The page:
WA Supreme Court Upholds Director Liability for Unpaid Wages Post-Bankruptcy
This case involves Advanced Interactive Systems. Why am I excited to blawg about this? Well, your humble attorney used to be a humble IT guy. His first IT job was at Advanced Interactive Systems. The company was known for a variety of products, but specialized in law enforcement and military weapons simulators, which included a "shoot back" option, which could shoot non-lethal munitions at the participant in time with the simulation, especially in cases where the participant was failing to appropriately use cover. It also allowed for the instructor to manage the scenario, including escalation and deescalation of the scenario based on the participant's behavior. I was responsible for installation, troubleshooting, QA, and customer support. It was a fun job. Unfortunately, the travel got to me rather quickly, and I made the move to Unisys, where I spent the remainder of my tech career.
They also, much to my chagrin, made gun range games and bow hunting simulators.
Now, I made the decision to leave AIS primarily based on the travel. But the straw that broke the camel's back, as they say was this phrase: "[The CEO] has decided to step down in order to spend more time with his family." That is a huge red flag in the corporate world, denoting some manner of ill-performance. It is the corporate equivalent of a movie star checking in to a hospital for "exhaustion."
This case came to the Washington Supreme Court on Certification from the Federal District Court for the Western District of Washington. They asked the following two questions:
Is an officer, vice principal, or agent of an employer liable for a deprivation of wages under RCW 49.52.050 when his or her employment with the employer (and his or her ability to control the payment decision) was terminated before the wages became due and owing?
Does an officer, vice principal, or agent's participation in the decision to file the Chapter 7 bankruptcy petition that effectively terminated his or her employment and ability to control payment decisions alter the analysis? If so, how?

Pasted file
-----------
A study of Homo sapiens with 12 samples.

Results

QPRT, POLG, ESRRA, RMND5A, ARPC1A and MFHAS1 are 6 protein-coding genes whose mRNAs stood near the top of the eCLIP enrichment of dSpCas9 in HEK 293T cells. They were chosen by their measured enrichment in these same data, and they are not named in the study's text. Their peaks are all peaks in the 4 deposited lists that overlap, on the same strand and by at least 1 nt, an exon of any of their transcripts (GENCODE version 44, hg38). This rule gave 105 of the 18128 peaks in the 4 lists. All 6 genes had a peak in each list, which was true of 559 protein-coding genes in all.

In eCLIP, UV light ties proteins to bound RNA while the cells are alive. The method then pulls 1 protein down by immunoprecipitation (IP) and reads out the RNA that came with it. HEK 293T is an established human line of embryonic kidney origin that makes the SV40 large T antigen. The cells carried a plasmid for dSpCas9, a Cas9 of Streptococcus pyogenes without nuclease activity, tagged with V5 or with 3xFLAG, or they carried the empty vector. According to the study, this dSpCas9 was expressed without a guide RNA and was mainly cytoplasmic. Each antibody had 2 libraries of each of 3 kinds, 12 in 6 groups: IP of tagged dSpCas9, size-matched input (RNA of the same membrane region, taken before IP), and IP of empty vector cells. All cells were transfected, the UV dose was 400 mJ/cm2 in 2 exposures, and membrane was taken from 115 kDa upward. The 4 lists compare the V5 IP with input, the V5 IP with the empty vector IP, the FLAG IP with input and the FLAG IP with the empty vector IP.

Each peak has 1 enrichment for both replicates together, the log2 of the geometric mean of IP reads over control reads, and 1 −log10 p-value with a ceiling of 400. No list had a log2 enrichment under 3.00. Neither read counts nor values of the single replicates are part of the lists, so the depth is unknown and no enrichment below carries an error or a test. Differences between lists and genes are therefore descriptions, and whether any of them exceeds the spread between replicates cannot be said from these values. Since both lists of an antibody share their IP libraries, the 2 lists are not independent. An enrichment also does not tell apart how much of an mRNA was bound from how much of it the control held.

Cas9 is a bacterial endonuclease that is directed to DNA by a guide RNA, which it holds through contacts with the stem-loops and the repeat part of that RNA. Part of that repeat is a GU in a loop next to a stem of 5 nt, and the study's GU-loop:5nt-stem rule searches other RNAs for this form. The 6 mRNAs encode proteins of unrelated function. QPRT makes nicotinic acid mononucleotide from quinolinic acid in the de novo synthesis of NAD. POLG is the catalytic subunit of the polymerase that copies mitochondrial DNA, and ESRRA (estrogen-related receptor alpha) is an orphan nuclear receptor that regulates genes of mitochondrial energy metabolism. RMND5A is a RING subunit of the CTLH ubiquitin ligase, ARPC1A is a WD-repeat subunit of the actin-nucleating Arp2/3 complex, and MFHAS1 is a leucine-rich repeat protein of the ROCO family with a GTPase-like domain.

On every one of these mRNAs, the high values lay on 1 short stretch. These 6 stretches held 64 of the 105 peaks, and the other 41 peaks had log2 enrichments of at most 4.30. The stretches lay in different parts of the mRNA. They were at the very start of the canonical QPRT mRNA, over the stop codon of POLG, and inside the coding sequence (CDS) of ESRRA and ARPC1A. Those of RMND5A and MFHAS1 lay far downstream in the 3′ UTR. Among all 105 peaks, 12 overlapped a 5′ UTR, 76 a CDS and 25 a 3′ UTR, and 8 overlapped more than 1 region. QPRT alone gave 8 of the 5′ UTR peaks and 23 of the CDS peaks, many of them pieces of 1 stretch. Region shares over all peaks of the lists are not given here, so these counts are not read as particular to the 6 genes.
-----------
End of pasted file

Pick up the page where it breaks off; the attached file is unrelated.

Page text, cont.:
Now what happened here was Allen took a job as interim CEO. Due to the financial difficulties, he deferred some of his pay, as did other key employees. The funds in the piggy bank were insufficient to meet final payroll. The Board made the decision to file for Chapter 7 if its senior secured lender could not back more funds. Allen had the oh so fun job of announcing the shutdown, and stating they would be receiving their final paychecks with accrued vacation, on the next pay date. The Board kept Allen on for the filing. He didn't get a share of the pie.
Allen filed suit for willful withholding of wages in violation of the Washington Rebate Act. The case was dismissed by the Western District of Washington on the basis that the Board didn't have authority to pay Allen and that they didn't wrongfully withhold wages. Allen asked for reconsideration and certification to the Court of Appeals.
First the Court held that the filing of a Chapter 7 Bankruptcy has no bearing on whether the wages were wrongfully withheld by the Officers of the Company. In addition, the Court held the Officer participation in the decision to file a Chapter 7 Bankruptcy is actually further evidence of an intent to wrongfully withhold wages. It did not matter that the officer was terminated as a result of the Chapter 7, and the last pay date came after the filing and the officer's termination. This is because the wages are due and owing under the law at termination, but at the next pay period. What happens in the interim does not quash the obligation.
In its reasoning, the Court held that this was a rather unique situation, in that Boards don't generally engage in payroll decisions:
In addition, the circumstances where a member of the board of directors will be liable under the WRA appear to be rare. Here, the directors were acting as the de facto officers of AIS. In fact, AIS operated without a CEO for a period of several days until the board filed for chapter 7 bankruptcy. The board made the decisions of who, when, and how much was being paid to AIS employees. Such decision-making is not within the normal duties of a member of the board of directors for a corporation.
So what does this mean for businesses operating in Washington? First, Boards should be careful to assume payroll obligations. Second, payroll obligations need to be treated as paramount: fold up shop before you run the last cent out. For higher level employees that wish to defer, perhaps issuance of stock instead of accruing liabilities you will be unable to pay. Third, make sure you are adequately insured for D&O liability: If you have to assume an obligation, make sure you're covered in the event a suit is around the corner.
If you have any questions regarding the case or its implications for your business, please feel free to contact our Issaquah Attorneys. We are conveniently located on the Eastside, and we handle all business matters from formation through litigation, including coverage for Washington and Alaska. We're here to help.